A DATA analyst could one day manage a football club as tactical information becomes more sophisticated and relevant, it was claimed today.

In the wake of the Spygate row, Leeds United head coach Marcelo Bielsa called an impromptu media briefing on Wednesday evening to give an insight into his practices.

The 63-year-old Argentinian used a PowerPoint presentation to be transparent about the extraordinary depth of his data analysis.

Other Premier League and Championship clubs use data analysis in a similar way, according to Simon Austin, editor of the Training Ground Guru website.

And Austin believes it could be a matter of time before a data expert takes on the role of manager.

"What is clear is that more and more managers are buying into this data analysis," Austin said.

"You could see Pep Guardiola coding on his laptop whilst on a train journey in the Manchester City documentary and managers like Lee Johnson and Gary Rowett can clip and code video, too.

"We are also starting to see analysts get promoted to assistant coaching roles. It happened at Leicester. The next step will be when an analyst becomes a manager."

Bielsa has been condemned by some managers and former players after admitting he had sent staff to spy on every team Leeds have played this season.

Bielsa admitted a man removed by police from the perimeter of Derby's training ground had been sent by him.

Leeds have formally apologised to Derby and both the Football Association and English Football League have launched investigations.

"What was really different about Bielsa's press conference is that he was disclosing what they do - nearly every club does tactical analysis now, they just don't talk about it and it's hard to know what they are actually doing," Austin said.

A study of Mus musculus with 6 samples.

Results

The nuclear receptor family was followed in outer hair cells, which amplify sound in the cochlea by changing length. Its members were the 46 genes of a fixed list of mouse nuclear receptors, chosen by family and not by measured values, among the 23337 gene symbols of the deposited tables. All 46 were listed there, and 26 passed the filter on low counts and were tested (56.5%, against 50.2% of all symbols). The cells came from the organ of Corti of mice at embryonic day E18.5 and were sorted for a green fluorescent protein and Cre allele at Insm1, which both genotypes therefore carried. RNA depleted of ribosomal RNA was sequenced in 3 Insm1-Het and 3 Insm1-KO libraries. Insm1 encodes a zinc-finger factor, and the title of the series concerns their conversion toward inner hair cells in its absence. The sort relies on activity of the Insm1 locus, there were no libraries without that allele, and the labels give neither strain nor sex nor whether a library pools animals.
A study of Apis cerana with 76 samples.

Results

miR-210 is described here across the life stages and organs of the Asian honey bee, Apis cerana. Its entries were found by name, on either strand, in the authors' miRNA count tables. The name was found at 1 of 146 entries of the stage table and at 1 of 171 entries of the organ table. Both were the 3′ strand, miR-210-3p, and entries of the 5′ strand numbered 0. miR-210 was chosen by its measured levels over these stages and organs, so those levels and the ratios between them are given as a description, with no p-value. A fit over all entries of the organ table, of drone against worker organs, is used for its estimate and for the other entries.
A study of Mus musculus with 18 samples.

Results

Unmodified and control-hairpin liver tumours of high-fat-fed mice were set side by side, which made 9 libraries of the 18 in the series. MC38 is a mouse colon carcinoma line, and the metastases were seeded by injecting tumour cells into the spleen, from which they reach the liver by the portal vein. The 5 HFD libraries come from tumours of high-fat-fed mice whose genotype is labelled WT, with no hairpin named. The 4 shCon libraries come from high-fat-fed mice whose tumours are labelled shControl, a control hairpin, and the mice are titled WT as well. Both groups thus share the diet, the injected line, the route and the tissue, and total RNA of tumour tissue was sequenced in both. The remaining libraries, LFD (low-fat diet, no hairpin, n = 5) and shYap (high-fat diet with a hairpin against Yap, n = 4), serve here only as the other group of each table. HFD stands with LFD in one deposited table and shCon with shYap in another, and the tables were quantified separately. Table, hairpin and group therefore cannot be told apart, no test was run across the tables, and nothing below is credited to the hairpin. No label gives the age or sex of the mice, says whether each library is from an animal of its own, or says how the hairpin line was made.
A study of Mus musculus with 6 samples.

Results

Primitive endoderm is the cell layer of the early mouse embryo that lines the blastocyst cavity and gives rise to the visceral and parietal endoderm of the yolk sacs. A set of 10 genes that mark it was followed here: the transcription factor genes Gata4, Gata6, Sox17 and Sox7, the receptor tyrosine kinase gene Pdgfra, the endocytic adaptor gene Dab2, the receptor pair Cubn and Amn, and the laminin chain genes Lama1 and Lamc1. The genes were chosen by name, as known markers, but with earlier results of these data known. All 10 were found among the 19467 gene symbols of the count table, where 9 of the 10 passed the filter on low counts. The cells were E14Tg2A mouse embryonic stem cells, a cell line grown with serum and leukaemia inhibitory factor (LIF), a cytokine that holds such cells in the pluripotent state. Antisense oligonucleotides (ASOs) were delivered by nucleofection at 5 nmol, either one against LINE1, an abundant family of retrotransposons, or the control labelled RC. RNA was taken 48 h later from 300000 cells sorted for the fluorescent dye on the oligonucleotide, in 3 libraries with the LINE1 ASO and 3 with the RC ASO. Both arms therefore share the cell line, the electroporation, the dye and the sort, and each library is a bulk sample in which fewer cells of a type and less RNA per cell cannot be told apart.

"Using software called Sportscode, you can clip up bits of video and turn it into data.

"As of this season, coaches can now see these clips and replays of action on handheld devices during the games.

"So the dugout is seeing which part of the pitch most shots are coming from, where the ball is spending the most time, where it is being won and lost and so on.

"So there is a huge amount of match analysis being done. And then you've got all the tactical work they do during the week in training, which is based on what their opponents have been doing."

Austin said Bielsa's data analysis was unusual because of how far back he goes, while the Leeds boss himself said most of the information he gathered was to appease his anxiety and was unnecessary.

"The other issue to think about is how much of this information any player can take on board," Austin added.

"Pep Guardiola, for example, is known for only giving a few key messages before each training session or game..

"But the type of tactical analysis Bielsa talked about is being done by all the big clubs.

"Liverpool, for example, have a research team with four people in it, one of them has a PhD from Harvard, another a PhD from Cambridge. And Arsenal bought a company called StatDNA that is meant to be on a different level of sophistication."